The question of where to go for the wildebeest migration is an important one as, although the ecosystem is a single entity, the migration takes place in two different conservation areas in two different countries - Kenya's Masai Mara National Reserve and Tanzania's Serengeti National Park.

Kenya: Masai Mara National Reserve

By far the smaller of the two conservation areas, the 1510 km² Masai Mara is the northern extension of the Serengeti plains. Located in southern Kenya with its southern-most boundary doubling as the international border with Tanzania, it's where the wildebeest herds congregate between July and late October/early November after spending much of the year on the move in the Serengeti.

Most famous for the dramatic river crossings of July and August, the Masai Mara is a popular destination during the migration and visitor numbers are high. An alternative is to stay in one of the Masai Mara's adjoining private conservancies. Besides the exclusivity of sole-use game drive areas, you will also enjoy night drives and bush walks (unavailable in the Masai Mara) as well as game drives to the migration hot spots in the main reserve.

Read more about a Masai Mara safari.

Tanzania: Serengeti National Park

The Serengeti's late October/early November rains trigger the wildebeest herds into moving south and out of the Masai Mara and into the Serengeti. Located in northern Tanzania and part of the famous 'Northern Safari Circuit', Tanzania's flagship park is an impressive 14 763 km² and offers plenty of room to follow the migrating herds around.

The Serengeti's south-central Seronera Valley and Southern Plains are where to go for the wildebeest migration if it's the massed birthing of wildebeest calves that you want to see. From November to March, around 8 000 calves a day are born which means excellent opportunities for predators and virtually guaranteed action.

The focus then shifts away from the southern and central Serengeti. From April until June or July, the herds gather and migrate in long, massed columns to reach the western and northern Serengeti before they return to the Masai Mara in July and August via the perilous river crossings.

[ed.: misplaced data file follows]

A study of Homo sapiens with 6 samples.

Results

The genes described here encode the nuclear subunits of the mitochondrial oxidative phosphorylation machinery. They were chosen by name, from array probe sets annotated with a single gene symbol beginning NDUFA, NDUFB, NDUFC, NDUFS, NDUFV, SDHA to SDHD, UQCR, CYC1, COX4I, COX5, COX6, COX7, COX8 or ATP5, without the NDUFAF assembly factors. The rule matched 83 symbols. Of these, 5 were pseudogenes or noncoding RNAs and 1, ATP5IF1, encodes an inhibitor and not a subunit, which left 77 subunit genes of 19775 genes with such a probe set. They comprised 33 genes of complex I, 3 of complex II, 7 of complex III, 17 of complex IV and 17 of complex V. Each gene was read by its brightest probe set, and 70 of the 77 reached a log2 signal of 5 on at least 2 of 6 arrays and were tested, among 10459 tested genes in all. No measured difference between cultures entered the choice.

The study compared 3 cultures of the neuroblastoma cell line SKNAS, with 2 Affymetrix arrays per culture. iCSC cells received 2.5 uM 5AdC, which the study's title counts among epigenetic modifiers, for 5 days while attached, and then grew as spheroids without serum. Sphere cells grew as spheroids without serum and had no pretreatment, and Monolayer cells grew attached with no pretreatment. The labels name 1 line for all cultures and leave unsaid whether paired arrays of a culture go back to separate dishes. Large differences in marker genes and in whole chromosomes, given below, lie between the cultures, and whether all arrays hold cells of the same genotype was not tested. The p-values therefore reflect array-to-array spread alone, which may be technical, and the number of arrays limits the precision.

There's plenty of well-sited accommodation within the Serengeti National Park but for exclusivity and activities that are not permitted in the main park such as night drives, we recommend staying in one of the Serengeti's private conservancies, particularly during the popular June - August period - the private Grumeti Reserves are particularly good.

Read more about a Serengeti safari.

Home to Africa's richest resident population of wildlife, you can visit the Masai Mara and Serengeti at any time of year, but if your goal is to see the wildebeest migration then you need to be in the right place at the right time.

The Great Migration is a natural phenomenon, as old as the land itself. Seasonal rainfall is the trigger that sparks the mass movement of mega herds in pursuit of the sweet, new grasses that wildebeest love. Since nature sets the schedule, planning a successful migration safari takes experience and excellent local knowledge.

The migration takes a full year to complete a single cycle. That means you can see it throughout the year but because the animals cross huge distances, certain highlights only happen in specific months. For instance, the mass birthing of calves takes place between January and March in the southern Serengeti, while the dramatic river crossings occur between July and August in the far west.